Black toenail treatment in SeattleMany times throughout my career as a podiatrist I've had patients come to me with toenails that have turned black. Most often a black toenail is simply the result of nail trauma. The nail turned black because the person was a runner or a skier and they wore shoes or boots that were just too tight. Or they loved to tinker with their car and they dropped a tire iron on their toe. Sometimes kicking a solid object too hard can also cause a blackened nail to arise.

But sometimes a black toenail can be the sign of toenail fungus or even worse, melanoma. That's why it's so important to see a Seattle podiatrist if you notice your toenail is black or turning black.

What Are Fungal Toenails?

A black nail can be a sign of onychomycosis or fungal toenails. In Seattle, our feet are covered in socks, shoes or boots most of the year. And many of us wear cotton socks that keep our feet slightly damp. This is the perfect environment for toenail fungus to thrive.

Some of us are more prone to nail fungus due to our genetics. Runners and other active people also are at greater risk due to repetitive pressure on the nail bed which causes it to lift slightly allowing the fungus in where it can set up shop.

Fungal nails can be difficult to treat particularly if it's been a longstanding problem and the nail has thickened or the patient is immunocompromised. It's best to get this condition treated as early as possible to ensure the best chance of success. 

Treatment for Fungal Toenails in North Seattle

So how are fungal toenails treated? First, you should know that fungal toenails can be very difficult to treat. That's because the fungus is not only present on the top of the nails and on the surrounding skin but inside the nail bed as well. 

While many people try to treat toenail fungus with topicals, this method rarely works. That's because most topicals can't reach the nail bed. Oral medications do work, but often not permanently. Many people are also reticent to get treated with orals due to rare liver side effects. 

Then there's laser treatment. This is one of the newer methods for treating laser. It can work but is most effective when used in conjunction with "topicals that can reach the nail bed", a short course of oral medications, and with therapy for treating fungus in shoes.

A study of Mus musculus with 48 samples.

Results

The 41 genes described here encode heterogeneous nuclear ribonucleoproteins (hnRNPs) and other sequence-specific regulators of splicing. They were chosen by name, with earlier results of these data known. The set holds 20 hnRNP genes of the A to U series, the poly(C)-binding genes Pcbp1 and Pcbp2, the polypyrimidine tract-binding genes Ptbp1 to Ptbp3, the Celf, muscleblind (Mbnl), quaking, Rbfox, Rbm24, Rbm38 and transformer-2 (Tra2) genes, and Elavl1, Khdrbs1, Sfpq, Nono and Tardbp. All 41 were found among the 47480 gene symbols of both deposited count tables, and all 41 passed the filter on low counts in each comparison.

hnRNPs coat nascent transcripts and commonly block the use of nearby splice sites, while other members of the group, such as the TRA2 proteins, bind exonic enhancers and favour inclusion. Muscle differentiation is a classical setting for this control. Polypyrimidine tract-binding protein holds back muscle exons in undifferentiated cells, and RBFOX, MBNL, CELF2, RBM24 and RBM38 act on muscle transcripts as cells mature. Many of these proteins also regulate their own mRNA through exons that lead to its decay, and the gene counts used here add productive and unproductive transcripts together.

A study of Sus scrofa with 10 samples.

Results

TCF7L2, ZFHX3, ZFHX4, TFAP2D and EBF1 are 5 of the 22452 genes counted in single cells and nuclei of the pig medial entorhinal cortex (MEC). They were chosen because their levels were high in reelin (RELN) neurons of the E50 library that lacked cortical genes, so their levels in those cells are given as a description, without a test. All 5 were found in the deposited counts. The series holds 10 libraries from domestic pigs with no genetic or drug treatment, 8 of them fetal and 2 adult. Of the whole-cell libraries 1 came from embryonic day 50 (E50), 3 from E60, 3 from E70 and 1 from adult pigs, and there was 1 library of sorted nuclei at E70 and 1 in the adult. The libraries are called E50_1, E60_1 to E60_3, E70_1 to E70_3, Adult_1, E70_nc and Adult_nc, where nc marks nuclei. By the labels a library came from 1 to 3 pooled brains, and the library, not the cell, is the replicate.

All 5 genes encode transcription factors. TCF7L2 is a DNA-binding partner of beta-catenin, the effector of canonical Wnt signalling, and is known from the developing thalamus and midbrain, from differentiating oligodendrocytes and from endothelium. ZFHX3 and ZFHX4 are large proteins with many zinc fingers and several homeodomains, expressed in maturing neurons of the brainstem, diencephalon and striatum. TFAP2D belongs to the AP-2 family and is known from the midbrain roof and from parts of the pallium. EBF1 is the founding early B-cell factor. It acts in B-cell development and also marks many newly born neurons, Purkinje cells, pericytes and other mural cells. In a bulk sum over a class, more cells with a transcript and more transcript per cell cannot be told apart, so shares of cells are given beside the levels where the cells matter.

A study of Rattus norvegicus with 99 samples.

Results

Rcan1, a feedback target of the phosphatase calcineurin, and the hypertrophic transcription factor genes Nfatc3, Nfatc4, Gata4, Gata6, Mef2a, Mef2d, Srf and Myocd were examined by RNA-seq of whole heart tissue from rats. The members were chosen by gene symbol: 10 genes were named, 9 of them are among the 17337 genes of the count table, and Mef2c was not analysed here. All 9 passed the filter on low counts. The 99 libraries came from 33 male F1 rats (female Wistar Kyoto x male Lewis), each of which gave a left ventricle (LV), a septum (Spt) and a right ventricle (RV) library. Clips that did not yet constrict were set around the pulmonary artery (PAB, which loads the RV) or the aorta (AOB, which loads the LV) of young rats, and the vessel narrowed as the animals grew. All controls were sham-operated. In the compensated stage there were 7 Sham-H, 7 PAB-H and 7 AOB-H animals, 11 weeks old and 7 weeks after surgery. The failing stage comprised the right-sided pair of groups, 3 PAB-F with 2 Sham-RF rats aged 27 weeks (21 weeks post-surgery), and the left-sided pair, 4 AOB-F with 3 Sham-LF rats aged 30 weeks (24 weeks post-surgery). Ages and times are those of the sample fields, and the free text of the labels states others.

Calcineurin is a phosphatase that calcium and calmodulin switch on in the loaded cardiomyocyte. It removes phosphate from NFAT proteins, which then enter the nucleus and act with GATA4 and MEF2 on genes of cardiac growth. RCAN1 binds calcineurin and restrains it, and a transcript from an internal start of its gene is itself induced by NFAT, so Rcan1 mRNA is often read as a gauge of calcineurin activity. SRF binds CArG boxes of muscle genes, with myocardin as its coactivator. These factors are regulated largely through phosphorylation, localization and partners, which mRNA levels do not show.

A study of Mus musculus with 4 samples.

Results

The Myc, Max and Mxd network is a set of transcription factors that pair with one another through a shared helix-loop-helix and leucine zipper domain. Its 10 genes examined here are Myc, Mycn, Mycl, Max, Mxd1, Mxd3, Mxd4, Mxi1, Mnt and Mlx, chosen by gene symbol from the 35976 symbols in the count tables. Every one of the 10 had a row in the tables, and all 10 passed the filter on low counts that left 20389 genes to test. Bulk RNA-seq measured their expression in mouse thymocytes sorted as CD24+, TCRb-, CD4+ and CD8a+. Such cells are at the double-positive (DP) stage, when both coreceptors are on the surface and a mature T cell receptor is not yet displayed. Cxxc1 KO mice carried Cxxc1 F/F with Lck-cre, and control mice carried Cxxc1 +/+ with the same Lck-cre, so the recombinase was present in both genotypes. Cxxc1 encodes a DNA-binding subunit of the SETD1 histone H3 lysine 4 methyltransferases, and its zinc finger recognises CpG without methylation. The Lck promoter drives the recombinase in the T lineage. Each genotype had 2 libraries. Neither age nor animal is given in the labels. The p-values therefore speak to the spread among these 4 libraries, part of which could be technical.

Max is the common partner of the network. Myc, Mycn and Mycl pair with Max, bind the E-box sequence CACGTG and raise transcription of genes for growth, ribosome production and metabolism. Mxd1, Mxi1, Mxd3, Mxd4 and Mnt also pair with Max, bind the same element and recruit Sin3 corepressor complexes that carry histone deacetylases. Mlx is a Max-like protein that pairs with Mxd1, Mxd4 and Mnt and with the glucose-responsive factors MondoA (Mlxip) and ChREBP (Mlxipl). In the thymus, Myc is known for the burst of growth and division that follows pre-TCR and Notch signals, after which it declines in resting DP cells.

To learn more about treatment visit our Seattle Fungal Toenail Center.

Prevention of Fungal Toenails

Of course, the best thing to do is to avoid fungus altogether. Easier said than done. However, there are many precautions you can take to greatly reduce your chances of being infected. 

  • purchase socks that wick away moisture
  • alternate shoes daily
  • get your feet measured--even adult's feet can get longer. If your shoes are too short and your toes hit the top, your toenails can lift causing fungus to set up shop
  • wear flip-flops when poolside or in locker rooms
  • bring your own yoga mat to class
  • don't share towels or toenail implements
  • use a UV light shoe sanitizer to eliminate fungus from your shoes

Treatment for Black Toenails or Runner's Toenails

Sometimes a toenail turns black but does not have fungus. In that case, you simply need to let your toenail grow out. However, if the toenail is also painful you'll need to have a podiatrist drain the blood that has built up under the toenail. Learn more by visiting our blog about Runner's Toe--it's treatment and prevention. Or view a video about it below.



At worst a black toenail is diagnosed as melanoma, a very dangerous form of skin cancer. Melanoma tends to grow very slowly so it's important not to dismiss it. In fact, melanoma is the most common cancer of the feet. Unlike our faces which we look at every day, many of us ignore our feet.

When melanoma is found on the feet there is a much higher death rate than when it's located somewhere else on the body. That's because it's more likely to be discovered it when it's already too advanced to adequately treat.

Other related topics:

How to Prevent and Treat Toenail Problems in Hikers
What Are Dystrophic Toenails and How Are They Treated?
Do-It-Yourself Treatment for Toenail Loss When Hiking
Protecting Your Feet from the Sun Can Avoid Skin Cancer Disaster

Join The Conversation
Moeed 01/20/2024 2:39 PM
My nails turn in black or slightly red both toenail at the same place that's why I'm worried.
It's best to get this checked out by a podiatrist. Although very likely if your toenail is black and you damaged it in some way either through exercise, stubbing it, or dropping something on, it's most likely trauma. If the podiatrist suspects you have fungus, a nail sample should be taken and sent to a lab. If he/she suspects cancer, he/she will either biopsy it or refer you for further testing.
Eliza Shefler 03/08/2024 4:40 PM
I have a friend who has a lot of toenail fungus- much of it is black, as well as the yellow kind, but the nails themselves aren’t black. What does the color of the fungus indicate?
It's hard to say without an examination and testing. I recommend your friend seek out a podiatrist for evaluation.